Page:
Manufactured by: Chaintech


Synthetic Benchmarks

DirectX7 - 3DMark2000

Though it's a couple of years old now, 3DMark2000 isn't going anywhere, being the acknowledged standard in testing DirectX7 performance. After running all tests, we received the following results:

The Kyro2 core clearly shows it's age's not even able to come close to the TI200's advanced GPU core. Even though most of the additions and enhancements to the GF3 GPU concerned adding DirectX8 functions, things like Occlusion culling and the Crossbar memory controller certainly helped here.

DirectX8 - 3DMark2001SE

Even this mark is over a year old at this point, but since no new functions have been added to video cards recently, nor has there been a new DirectX version, MadOnion's 3DMark2001SE is the throne that all video cards should be aspiring for to support future games.

After receiving the final mark scores, which were truthfully not a surprise, considering the Kyro core's lack of hardware support for pixel and vertex shaders, we decided to break things down and get the measured fill-rate of these cards. They measured up as follows:

The TI200 has nearly 4 times the theoretical fill rate of the similarly-clocked Kyro2, however, how that translates in the real world is always a question, since actual fill rate almost never reaches theoretical fill rate in certain situations.

Z-Occlusion Culling - VillageMark

This mark, just to get it out of the way, was written and made available from PowerVR. Which means the following results shouldn't be a surprise:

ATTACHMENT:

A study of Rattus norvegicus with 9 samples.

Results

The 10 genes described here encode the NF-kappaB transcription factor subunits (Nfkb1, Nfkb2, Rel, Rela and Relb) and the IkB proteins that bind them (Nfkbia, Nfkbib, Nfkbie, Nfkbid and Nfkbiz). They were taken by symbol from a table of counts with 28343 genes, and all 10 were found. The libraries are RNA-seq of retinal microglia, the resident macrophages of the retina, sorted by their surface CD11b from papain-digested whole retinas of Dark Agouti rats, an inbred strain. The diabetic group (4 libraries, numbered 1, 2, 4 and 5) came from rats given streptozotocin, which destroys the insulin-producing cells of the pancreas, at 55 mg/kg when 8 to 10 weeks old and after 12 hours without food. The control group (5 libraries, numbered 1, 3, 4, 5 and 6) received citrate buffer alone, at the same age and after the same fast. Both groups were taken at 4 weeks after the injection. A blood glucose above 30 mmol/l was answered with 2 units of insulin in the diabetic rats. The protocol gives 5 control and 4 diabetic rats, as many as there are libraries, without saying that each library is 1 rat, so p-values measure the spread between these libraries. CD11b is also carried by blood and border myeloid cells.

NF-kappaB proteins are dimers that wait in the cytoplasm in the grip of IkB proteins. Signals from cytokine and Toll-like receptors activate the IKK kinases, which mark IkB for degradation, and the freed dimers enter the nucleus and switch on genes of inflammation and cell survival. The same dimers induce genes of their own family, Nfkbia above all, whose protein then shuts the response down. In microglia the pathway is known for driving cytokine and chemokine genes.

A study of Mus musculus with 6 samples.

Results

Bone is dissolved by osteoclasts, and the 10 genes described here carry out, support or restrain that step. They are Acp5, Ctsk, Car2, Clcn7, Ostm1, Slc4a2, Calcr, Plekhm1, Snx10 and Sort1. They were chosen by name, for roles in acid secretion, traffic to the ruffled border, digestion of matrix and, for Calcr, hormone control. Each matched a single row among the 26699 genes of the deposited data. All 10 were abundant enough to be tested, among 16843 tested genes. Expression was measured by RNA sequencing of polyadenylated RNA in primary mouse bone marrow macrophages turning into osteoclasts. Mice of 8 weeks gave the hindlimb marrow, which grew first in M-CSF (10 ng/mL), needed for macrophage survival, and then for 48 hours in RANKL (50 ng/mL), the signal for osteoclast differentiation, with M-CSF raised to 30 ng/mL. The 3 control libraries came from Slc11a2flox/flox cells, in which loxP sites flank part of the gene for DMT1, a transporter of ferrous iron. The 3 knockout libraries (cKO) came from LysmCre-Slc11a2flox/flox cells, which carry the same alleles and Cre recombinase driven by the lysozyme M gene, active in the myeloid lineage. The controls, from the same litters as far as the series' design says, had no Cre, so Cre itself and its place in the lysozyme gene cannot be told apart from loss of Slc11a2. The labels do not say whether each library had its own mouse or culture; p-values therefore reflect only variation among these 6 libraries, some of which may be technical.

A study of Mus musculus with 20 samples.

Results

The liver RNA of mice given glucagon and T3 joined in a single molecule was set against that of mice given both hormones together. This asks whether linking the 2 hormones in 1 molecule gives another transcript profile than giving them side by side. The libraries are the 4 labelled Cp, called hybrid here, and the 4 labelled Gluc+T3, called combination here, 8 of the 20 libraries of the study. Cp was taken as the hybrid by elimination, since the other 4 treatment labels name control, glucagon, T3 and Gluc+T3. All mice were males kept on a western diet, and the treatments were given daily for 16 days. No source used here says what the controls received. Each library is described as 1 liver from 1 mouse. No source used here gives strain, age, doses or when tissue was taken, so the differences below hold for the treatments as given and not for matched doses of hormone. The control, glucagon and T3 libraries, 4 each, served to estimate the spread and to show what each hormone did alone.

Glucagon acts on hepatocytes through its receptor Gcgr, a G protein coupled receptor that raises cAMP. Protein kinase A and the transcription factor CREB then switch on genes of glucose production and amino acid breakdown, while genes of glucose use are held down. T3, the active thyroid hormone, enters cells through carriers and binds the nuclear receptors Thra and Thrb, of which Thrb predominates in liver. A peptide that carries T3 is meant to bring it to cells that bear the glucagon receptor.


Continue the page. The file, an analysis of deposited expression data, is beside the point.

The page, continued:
The Kyro2 runs away with the win in it's own benchmark, obviously. This mark doesn't look like much, but all of the scenes in it, while not many polygons are VISIBLE, there are a LOT that you don't see; all of the buildings and houses are fully 3D structures with a ton of invisible polygons. The Kyro series of GPUs have always had the most advanced hidden surface removal processes in the graphics card industry, but when you consider that this is NVIDIA's first stab at doing it's own hardware version of this, it didn't do too badly. To see for yourself, when we wrote our original review of the Kyro2, we benchmarked it against a GF2MX on a similarly configured system (different operating system), and the results can be seen here.

OpenGL - Vulpine GLMark

This benchmark includes an incredible amount of detail, and is one of the more pleasing benchmarks to actually sit through and watch the whole thing. Besides that, it DOES stress the graphics card a lot to see how well it handles OpenGL operations. The demo allows added GeForce3 features to be used, but while I ran it under the TI200 both ways, the results were within 2% of each other; so I am including the "level playing field" test results here.

Clearly, the TI200 SE runs far FAR away with this test, and the poor Kyro2 can only sit back and watch.